BOSTON, Mass. (WPRI) — Vaping products can once again be sold in Massachusetts after the state’s Public Health Council rescinded a temporary ban imposed by Gov. Charlie Baker’s administration back in September.
The ban was supposed to end on Christmas Eve, but Baker decided to end the ban early in light of new legislation restricting the sale of flavored tobacco and vaping products in Massachusetts.
The new restrictions on vaping sales, which go into effect immediately, include the following:
- The sale of non-flavored nicotine vaping products (with a nicotine content of fewer than 35 milligrams per milliliter) is restricted to stores licensed to sell tobacco products, such as convenience stores, gas stations, and other retail outlets.
- The sale of non-flavored nicotine vaping products (with a nicotine content over 35 milligrams per milliliter) is restricted to licensed, adult-only retail tobacco stores and smoking bars.
- The sale and consumption of all flavored nicotine vaping products may only occur within licensed smoking bars.
New regulations on the sale of vaping products, also effective immediately, include the following:
- Require posting of signage in any location where vaping products are sold to warn customers of the dangers of severe lung disease associated with vaping products and more generally advising them of the health risks of vaping.
- Specify the commissioner’s authority to prohibit the sale of a designated vaping product on a determination that the product causes an imminent danger to public health.
- Strengthen state and local enforcement, specifying procedures by which the Department of Public Health or local Boards of Health may inspect retail locations and the products they are selling for compliance with the law, and providing for penalties for violations, ranging from $1,000 for the first violation to $5,000 for three or more violations.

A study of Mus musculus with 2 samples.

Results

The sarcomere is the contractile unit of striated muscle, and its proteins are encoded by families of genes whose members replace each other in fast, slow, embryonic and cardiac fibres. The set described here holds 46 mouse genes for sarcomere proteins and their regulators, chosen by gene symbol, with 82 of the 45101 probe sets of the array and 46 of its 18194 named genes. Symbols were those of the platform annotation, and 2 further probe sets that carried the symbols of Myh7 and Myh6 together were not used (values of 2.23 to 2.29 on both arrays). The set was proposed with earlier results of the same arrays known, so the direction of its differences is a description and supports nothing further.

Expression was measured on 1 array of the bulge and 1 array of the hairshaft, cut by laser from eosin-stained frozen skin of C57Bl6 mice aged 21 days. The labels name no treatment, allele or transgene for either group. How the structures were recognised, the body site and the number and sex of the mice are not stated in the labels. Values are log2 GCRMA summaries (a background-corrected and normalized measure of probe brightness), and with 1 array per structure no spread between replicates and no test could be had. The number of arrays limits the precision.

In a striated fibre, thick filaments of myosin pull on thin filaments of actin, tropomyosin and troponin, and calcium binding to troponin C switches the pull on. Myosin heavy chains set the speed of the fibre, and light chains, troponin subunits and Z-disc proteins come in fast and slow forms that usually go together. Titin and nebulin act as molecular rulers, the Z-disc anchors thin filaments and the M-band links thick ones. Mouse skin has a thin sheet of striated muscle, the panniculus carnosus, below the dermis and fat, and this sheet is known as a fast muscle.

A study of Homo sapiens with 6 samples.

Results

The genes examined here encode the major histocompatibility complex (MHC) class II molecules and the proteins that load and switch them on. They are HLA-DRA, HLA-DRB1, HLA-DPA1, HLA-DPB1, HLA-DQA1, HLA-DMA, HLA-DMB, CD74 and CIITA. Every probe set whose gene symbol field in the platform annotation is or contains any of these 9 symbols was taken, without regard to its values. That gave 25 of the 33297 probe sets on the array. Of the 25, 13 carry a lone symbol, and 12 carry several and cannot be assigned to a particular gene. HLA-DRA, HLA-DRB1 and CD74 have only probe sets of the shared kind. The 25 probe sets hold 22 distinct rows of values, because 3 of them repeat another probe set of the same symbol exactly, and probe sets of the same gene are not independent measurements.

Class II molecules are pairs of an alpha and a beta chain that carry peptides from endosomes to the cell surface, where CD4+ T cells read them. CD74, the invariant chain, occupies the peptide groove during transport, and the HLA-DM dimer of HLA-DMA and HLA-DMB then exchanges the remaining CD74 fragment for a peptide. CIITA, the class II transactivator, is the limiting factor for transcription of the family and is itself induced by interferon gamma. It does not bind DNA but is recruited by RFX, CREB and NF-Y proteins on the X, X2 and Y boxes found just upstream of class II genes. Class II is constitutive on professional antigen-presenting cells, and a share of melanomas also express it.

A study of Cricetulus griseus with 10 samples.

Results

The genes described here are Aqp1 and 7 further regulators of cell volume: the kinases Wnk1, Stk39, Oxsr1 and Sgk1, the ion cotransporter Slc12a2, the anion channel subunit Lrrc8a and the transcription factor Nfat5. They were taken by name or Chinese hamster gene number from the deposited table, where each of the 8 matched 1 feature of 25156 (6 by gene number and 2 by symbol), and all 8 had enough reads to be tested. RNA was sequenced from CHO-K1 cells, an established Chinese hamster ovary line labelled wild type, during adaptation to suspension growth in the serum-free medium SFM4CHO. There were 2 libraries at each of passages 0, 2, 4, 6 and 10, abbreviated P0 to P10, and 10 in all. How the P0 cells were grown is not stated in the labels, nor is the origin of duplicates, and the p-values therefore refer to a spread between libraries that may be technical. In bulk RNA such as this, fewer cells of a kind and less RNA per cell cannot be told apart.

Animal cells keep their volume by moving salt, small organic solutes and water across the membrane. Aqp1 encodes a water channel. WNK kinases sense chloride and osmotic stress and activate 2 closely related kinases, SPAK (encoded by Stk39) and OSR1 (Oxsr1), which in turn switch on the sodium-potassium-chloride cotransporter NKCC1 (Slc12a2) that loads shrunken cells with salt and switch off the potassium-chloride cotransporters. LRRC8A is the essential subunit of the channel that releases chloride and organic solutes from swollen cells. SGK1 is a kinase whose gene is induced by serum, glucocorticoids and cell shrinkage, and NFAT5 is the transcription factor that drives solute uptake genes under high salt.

- Establish how retailers and manufacturers must comply with the law’s requirement that vaping products with a nicotine content of more than 35 mg/ml may only be sold in 21+ establishments.
- Require vaping products to be placed behind the counter in all non-age restricted retailers.
“This has worked out about as well as we could have expected it to,” Baker said. “I’m anxious for people to be able to move forward with a more regulated environment and more public info about risks associated with vaping.”
Restrictions on the sale of flavored, combustible cigarettes and other tobacco products, including menthol cigarettes and flavored chewing tobacco, will go into effect beginning June 1, 2020.
A 75% excise tax on nicotine vaping products will also go into effect in June — which will be in addition to the state’s 6.25% sales tax.
Lou Rebello with Goodfella Vapor in Swansea said that while he’s happy he can reopen his business, he’s frustrated that he can’t sell flavored products.
Rebello said most of his customers who are former smokers only want flavored vaping products.
“They don’t want nothing to do with tobacco anymore,” Rebello said. “It only reminds them of cigarettes — they get a flavor that actually tastes good. We’re not attracting children, adults like flavors.”
Rebello said the new regulations won’t change his bottom line and he has already started telling his regular customers he will have to close up shop.
“I told them, ‘I’ll keep you guys going until Christmas, that’s it,'” Rebello said. “I can’t do it anymore.”
A public hearing on the new regulations will be scheduled within the next 90 days.